So from RM50 million that the MPPP will have to pay for the proposed convention centre, it has now become just RM11.5 million, which we are told is a “minute sum” for RM300 million worth of facilities.
If this sounds too good to be true, it probably is. And very ‘creative’ too. We are now told the council will save RM25 million in upgrading Pisa and the Aquatics Centre and it will also receive RM13.5 million from the sale of the hotel land. Thus the MPPP would only have to stump up RM11.5 million instead of RM50 million.
In the first place, has the MPPP budgeted or planned RM25 million on upgrading work? If it hasn’t, then there is nothing to save. Secondly, whether or not we have sPICE, the MPPP can still sell the land.
I have some questions:
- From what I hear, there is a list of things that S P Setia expects from the Penang state government/the MPPP in relation to its proposal. What are these? They should be made known to us. What does S P Setia expect in return for undertaking this RM300 million project and operating it?
- Where is the financial projection for the next 10 years? What is the breakeven period and ROI for the project?
- Who will absorb any persistent operational losses?
- How many trees will be planted on the roof-top garden and the ‘people’s park’?
- How much is the maintenance cost of the garden and the complex?
- Will access to the roof-top garden be free? Will rates for the aquatic and sports centre be maintained?
- Are there adequate car parks? If sPICE is going to have a 600-table (or whatever) banquet hall plus a hotel, how many car park lots do you need bearing in mind our limited public transport system?
- Was this on the agenda of the last full council meeting of the MPPP? From what I hear, it wasn’t. Has the full council seen the financial projections and approved all this?
Someone who was involved in the public relations industry told me that when the KLCC concept was being promoted, it was initially touted as the ‘Hyde Park of KL’ – a place where people work, live, play etc . Thousands of trees were supposed to be planted. But if you look at the KLCC green space now, it’s hardly a Hyde Park, is it?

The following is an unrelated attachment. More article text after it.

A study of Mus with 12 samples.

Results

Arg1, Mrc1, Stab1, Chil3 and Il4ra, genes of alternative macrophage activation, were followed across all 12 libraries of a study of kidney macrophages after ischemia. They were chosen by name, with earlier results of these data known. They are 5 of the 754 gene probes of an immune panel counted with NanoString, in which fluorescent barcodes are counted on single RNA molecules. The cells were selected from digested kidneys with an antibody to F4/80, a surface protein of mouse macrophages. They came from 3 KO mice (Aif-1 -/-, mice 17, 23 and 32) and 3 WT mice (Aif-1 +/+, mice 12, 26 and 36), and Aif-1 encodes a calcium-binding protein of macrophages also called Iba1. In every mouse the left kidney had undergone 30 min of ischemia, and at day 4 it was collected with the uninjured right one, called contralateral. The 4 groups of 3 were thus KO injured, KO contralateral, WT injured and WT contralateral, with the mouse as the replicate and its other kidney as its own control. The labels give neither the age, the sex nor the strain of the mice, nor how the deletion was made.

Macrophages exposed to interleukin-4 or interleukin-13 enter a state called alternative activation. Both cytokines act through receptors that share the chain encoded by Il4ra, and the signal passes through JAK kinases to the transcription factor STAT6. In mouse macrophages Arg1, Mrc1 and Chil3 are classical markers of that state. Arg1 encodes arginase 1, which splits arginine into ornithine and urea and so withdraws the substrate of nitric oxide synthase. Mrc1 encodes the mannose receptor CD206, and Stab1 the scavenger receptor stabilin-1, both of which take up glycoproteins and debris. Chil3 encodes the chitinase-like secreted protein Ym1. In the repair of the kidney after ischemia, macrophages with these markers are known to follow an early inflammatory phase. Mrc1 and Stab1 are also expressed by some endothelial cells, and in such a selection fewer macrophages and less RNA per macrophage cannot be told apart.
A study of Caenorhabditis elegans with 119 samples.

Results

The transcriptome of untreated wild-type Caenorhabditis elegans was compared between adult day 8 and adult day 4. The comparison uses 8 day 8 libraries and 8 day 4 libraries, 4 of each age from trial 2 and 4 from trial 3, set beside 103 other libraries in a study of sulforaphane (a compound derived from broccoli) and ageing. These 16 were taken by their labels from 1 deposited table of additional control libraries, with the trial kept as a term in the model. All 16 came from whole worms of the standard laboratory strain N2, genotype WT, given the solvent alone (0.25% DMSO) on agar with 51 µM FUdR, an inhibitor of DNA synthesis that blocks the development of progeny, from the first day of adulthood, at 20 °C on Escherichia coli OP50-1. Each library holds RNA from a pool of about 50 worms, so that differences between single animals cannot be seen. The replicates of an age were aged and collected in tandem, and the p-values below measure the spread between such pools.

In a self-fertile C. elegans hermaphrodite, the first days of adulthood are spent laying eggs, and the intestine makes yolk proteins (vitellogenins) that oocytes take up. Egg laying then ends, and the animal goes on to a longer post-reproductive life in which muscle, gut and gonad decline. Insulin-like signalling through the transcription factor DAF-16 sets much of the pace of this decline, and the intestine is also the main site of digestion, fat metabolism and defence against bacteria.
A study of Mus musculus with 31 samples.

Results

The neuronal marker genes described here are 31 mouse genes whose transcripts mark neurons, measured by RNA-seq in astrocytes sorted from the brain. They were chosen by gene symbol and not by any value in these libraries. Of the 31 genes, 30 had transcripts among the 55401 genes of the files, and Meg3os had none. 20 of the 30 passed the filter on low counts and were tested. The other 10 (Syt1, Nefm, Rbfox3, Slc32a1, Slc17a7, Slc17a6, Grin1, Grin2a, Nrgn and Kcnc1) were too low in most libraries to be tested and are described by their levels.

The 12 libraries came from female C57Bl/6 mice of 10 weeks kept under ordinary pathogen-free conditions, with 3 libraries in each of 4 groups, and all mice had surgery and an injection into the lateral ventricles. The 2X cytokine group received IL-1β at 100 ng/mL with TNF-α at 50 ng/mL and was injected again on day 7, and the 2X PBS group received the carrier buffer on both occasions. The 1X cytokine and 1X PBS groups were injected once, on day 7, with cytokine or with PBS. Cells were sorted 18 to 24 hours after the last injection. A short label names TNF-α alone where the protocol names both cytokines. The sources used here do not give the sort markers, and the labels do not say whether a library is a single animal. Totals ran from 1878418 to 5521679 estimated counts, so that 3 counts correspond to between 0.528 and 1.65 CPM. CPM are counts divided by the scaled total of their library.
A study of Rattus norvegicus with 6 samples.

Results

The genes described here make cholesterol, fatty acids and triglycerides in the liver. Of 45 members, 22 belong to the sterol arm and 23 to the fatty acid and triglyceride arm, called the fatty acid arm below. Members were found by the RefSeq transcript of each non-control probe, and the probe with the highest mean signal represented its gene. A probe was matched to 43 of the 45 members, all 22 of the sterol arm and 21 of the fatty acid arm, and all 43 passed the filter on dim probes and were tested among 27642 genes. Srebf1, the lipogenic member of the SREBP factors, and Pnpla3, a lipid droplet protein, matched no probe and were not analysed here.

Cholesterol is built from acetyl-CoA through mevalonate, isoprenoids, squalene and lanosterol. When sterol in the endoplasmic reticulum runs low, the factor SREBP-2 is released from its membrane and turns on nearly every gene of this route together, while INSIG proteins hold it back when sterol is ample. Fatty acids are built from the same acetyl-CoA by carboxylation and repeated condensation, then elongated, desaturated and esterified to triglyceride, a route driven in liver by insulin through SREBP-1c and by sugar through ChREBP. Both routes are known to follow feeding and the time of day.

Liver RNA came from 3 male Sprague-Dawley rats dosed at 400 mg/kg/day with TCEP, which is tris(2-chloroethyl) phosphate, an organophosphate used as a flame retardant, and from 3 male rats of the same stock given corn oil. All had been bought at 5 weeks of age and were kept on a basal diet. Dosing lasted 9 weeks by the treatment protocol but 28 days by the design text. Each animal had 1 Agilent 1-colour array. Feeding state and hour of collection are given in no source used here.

Another person who saw the sPICE slideshow says it brought back ‘fond’ memories of the PGCC project. That too was supposed to be a place where people work, live, play, etc. Zero-carbon and all that jargon.
The Penang state government should take care not to expose the MPPP to future losses or heavy expenditure from any proposed development.
Here’s an alternative idea that will not expose the MPPP to any losses. In fact, it will make the MPPP a tidy immediate profit. Why not sell the whole land outright to S P Setia at market value? The MPPP will make a lucrative profit, which it can use for its operations. S P Setia can then go ahead with its ‘iconic’ RM300 million sPICE design (of course after it succeeds in getting through independent environmental/traffic/social impact studies). As we are told it is a viable project, S P Setia can keep all the profit it makes from operating the place. The people will get their ‘roof-top garden’. Win-win-win, right? This way, everything will be at arm’s length.
So why do we need a ‘public-private partnership’ and 30-year BOT, in which the MPPP will have to stump out cash (whether RM50 million or RM11.5 million)?